My parents are first generation immigrants who hardly completed primary school. They worked labor jobs–my father in the Zenith assembly line and then as a janitor, and my mom as a seamstress. My dad is Otomí–indigenous people from Central Mexico–and first spoke Spanish when he moved to Mexico City at the age of 12 to look for work. My mother, born in the Mexican state of Michoacán, was denied an education as it was unacceptable for women to go to school and instead was taught domestic duties to help around the house. The financial and cultural challenges that I continue to face as a first generation Mexican American give me a deeper appreciation of my culture, educational accomplishments, and my parents’ perseverance. Persistence, determination, hard work, discipline, love and passion for learning have been instrumental in pursuing higher education. My parents remain my source of inspiration.
My family’s experience as first-generation immigrants has significantly influenced my interest in promoting accessibility of health among immigrant communities in Arizona. During this past year, I have been able to conduct doctoral fieldwork examining the intersection of state-level immigration policy and access to health care in immigrant families. The work has been incredibly rewarding and has further solidified my commitment to address health inequity in Latino communities, particularly addressing immigrant health.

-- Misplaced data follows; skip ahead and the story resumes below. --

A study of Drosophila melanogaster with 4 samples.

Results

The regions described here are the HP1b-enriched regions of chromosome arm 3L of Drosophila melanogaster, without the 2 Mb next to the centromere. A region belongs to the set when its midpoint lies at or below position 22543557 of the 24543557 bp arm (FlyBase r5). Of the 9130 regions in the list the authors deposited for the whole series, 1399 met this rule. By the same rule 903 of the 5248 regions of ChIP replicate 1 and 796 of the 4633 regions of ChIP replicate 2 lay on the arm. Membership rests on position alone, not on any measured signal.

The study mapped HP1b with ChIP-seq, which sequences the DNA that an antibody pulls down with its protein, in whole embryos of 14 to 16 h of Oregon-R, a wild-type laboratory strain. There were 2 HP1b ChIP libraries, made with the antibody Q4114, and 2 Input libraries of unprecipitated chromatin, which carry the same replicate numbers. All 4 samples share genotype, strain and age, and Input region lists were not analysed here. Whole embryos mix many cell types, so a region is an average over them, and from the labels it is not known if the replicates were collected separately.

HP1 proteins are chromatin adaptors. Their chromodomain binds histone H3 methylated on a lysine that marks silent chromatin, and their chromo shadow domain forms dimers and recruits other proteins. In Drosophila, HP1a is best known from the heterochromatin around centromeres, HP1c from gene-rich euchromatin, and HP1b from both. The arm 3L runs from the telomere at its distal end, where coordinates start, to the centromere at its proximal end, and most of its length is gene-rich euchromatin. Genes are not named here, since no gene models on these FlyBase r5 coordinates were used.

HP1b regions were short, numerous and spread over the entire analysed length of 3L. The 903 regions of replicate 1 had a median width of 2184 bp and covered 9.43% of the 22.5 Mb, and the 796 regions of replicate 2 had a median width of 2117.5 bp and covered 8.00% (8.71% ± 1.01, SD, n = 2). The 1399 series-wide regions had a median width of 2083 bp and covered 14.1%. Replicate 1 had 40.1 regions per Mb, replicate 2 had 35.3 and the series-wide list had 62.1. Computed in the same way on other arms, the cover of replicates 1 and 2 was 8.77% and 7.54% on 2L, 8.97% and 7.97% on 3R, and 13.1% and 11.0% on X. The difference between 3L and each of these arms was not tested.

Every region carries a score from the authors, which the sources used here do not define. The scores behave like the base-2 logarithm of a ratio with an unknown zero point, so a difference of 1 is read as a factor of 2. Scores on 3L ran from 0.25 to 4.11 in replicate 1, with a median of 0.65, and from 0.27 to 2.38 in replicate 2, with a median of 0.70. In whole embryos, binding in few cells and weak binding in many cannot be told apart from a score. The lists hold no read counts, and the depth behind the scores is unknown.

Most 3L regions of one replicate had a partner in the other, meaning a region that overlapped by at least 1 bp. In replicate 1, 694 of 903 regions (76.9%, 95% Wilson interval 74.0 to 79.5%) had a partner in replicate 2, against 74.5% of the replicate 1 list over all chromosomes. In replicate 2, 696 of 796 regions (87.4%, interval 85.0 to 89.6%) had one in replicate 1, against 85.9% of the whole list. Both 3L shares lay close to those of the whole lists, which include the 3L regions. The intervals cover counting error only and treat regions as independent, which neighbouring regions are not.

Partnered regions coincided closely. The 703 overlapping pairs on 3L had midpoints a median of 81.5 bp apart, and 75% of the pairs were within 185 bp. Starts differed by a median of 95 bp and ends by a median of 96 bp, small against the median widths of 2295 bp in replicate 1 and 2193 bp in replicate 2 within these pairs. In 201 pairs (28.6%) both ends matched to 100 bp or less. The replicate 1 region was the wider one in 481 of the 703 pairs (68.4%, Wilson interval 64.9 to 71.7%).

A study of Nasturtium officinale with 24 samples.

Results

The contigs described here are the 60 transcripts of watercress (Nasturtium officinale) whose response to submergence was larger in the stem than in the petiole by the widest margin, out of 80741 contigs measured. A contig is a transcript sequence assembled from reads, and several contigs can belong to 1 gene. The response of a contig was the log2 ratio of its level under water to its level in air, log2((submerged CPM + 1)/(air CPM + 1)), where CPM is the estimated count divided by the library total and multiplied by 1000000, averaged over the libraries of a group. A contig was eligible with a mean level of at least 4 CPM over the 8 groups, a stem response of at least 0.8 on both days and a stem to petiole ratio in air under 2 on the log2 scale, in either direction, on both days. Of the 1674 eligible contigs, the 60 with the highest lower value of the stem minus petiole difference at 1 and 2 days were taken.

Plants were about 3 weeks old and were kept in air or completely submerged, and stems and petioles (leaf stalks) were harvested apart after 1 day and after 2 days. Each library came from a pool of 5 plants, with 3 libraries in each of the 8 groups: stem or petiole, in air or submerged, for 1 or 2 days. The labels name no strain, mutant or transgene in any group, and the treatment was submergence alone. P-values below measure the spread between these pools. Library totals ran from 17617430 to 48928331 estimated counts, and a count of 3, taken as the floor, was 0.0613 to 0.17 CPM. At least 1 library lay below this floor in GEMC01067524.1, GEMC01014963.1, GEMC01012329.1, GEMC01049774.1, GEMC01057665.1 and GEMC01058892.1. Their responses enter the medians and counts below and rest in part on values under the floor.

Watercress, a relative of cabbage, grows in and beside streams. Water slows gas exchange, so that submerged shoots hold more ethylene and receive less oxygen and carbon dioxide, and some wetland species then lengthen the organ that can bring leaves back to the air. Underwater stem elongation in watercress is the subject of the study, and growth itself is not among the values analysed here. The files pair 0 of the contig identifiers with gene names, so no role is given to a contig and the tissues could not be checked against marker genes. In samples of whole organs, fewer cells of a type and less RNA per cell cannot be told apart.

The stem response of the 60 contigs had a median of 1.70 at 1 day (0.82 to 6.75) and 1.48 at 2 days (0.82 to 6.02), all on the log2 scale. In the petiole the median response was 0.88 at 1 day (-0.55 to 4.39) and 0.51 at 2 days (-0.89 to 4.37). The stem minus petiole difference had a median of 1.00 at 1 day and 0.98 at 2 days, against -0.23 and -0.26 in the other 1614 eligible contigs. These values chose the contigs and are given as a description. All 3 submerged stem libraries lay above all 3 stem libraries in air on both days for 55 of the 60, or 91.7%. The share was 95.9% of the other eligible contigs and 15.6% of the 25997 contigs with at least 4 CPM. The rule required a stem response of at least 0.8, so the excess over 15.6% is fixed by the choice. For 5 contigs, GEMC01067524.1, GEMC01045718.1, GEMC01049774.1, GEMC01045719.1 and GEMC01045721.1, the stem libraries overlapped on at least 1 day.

Since obtaining my first college degree, I have held various roles in the administration of health programs. I served as Executive Director of Humane Borders, a faith-based nonprofit organization that addresses migrant deaths in the Arizona desert due to dehydration. Having worked with many local, national, and international agencies, I now understand how public policy affects communities, regardless of borders and boundaries. My commitment to promoting health equity has also led me to pursue volunteer opportunities, including voter registration campaigns; Big Brothers and Big Sisters of Tucson (over 12 year mentorship to now a young adult); Coalición de Derechos Humanos (immigrant rights organization); Enroll America to inform communities of the Affordable Care Act, CommunityShare (an education initiative linking schools with community partners). These experiences have been vital in shaping my career interests and have led me to pursue my doctoral degree. After 20 years of working in community programs, I decided to return to school to pursue a doctorate in Public Health with a specialty in Policy and Management at the University of Arizona’s Mel & Enid Zuckerman College of Public Health.
Without scholarship funds, I would not have been able to afford nor accomplish as much as I have academically. Scholarships have allowed me a place at a higher education institution. Scholarship support enables me to graduate at the end of this academic year. I am excited about the possibilities in public health and look forward to finalizing my doctoral degree in the spring of 2017. Upon completion, my intention is to teach at the college level and to continue to advocate for public policies that expand opportunities for people of color, particularly immigrants in Arizona.
We are proud to announce Sofia Gomez is one of the current LatPro Scholarship finalists. Vote for her essay (Facebook ‘Like’ and other social media sharing options in left column) and/or leave comments of support to help us with the selection process.